In the next few days, my office will launch a new research initiative with the help of a few other members of the USAO staff. The project is called the Student Satisfaction Survey (I am calling it the S3 because math is fun). We designed the S3 to obtain reliable feedback from USAO students about the things that are important to them. Well, at least it includes many of the topics we think are important to students- we will not really know if we missed any major themes until after we collect some data, but I am confident we are most of the way there. The S3 includes topics like student satisfaction with residence halls, dining services and other obvious point of contact. S3 also includes a few items that might notbe as obvious for this type of survey, but might be important to measure anyway. This second group (not obvious) includes topics such as classroom environment, academic advisement and course scheduling.
Why Take the S3?
It is easy to say that this information will be used to enhance the student experience at USAO. After all, we say the same thing about just about every other survey we deploy. In this case, the phrase’s status as cliché doesn’t make the statement less true. The S3 attempts to measure student satisfaction with a wide range of service-related phenomenon. This feedback will be useful in crafting new policy or revisiting existing approaches. Most of us at USAO believe we treat our students with dignity and respect and each of us also likely believes they do a fantastic job. And while that may be true, how would we know if it weren’t? How would we know if there is a subtle problem that is more annoying than rage-inducing? How do we know if something is a systematic issue or simply a random glitch in an otherwise good system? We cannot know any of these things with confidence unless we have an objective way to gather data and the S3 is the first step towards just that.
Who Takes the S3?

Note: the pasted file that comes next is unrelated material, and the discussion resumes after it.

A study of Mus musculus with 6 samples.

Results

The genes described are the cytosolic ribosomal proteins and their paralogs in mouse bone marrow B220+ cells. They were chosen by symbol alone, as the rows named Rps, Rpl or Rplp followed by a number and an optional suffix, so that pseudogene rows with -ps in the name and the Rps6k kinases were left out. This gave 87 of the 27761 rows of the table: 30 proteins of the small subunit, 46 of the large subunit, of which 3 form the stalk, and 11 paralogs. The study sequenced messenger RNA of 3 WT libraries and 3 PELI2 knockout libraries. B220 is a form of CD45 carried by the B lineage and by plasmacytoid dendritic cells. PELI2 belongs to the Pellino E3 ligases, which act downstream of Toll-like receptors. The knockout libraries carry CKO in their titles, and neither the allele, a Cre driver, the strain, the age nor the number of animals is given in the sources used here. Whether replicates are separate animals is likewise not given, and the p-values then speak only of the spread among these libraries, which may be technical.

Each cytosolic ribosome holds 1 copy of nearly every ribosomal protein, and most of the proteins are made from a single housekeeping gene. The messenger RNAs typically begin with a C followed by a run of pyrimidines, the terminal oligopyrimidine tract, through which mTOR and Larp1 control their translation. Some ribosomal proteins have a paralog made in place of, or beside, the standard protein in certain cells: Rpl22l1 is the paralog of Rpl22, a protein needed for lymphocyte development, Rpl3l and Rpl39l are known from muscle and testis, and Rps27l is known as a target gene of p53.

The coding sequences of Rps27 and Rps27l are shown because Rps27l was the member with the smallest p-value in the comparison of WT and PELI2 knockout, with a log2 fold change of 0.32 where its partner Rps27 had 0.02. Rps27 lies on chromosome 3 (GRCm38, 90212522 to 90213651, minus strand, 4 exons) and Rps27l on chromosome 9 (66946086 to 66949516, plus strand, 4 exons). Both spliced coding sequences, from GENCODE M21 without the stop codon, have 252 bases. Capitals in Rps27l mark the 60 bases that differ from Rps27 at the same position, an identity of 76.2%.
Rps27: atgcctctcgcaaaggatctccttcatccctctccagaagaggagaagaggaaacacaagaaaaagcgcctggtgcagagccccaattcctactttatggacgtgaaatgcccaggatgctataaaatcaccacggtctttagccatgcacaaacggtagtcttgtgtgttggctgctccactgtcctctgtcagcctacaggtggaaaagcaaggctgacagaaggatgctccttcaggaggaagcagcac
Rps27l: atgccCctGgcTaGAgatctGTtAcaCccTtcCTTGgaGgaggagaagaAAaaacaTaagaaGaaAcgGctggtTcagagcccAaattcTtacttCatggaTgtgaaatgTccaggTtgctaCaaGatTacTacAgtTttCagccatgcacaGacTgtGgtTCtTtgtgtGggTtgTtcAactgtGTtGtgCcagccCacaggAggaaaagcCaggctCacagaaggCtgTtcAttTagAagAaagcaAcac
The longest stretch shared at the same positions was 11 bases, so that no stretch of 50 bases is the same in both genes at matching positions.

While every USAO undergraduate student is eligible to take this survey, only some will be selected. I have decided on a stratified random sample, not to exclude anyone but to reduce the overall survey burden on our students. I recognize that we ask our students to participate in many surveys and each of them is important. So in an effort to reduce survey fatigue, I am beginning with a sample equal to 50% of each undergraduate classification. In other words half of all freshman students will get an email invitation to participate, half of all sophomores, juniors and seniors will as well. The selected students are selected by a random number generator to eliminate any potential for bias.
If you are a USAO student and get the email invitation, I ask that you please participate. I truly believe that your responses will help all of us that serve you to do so better. The survey doesn’t take too long (about 15 minutes in pre-testing) and I am taking steps to protect your identity so that nobody can link your responses back to you- your responses are completely confidential. As added incentive, my office is shelling out for a few prizes. Every student that completes the survey will be eligible to win one of three (3) Roku Streaming Sticks. Winners will be announced on this blog so you know I won’t keep them for myself (I can’t say I’m not tempted).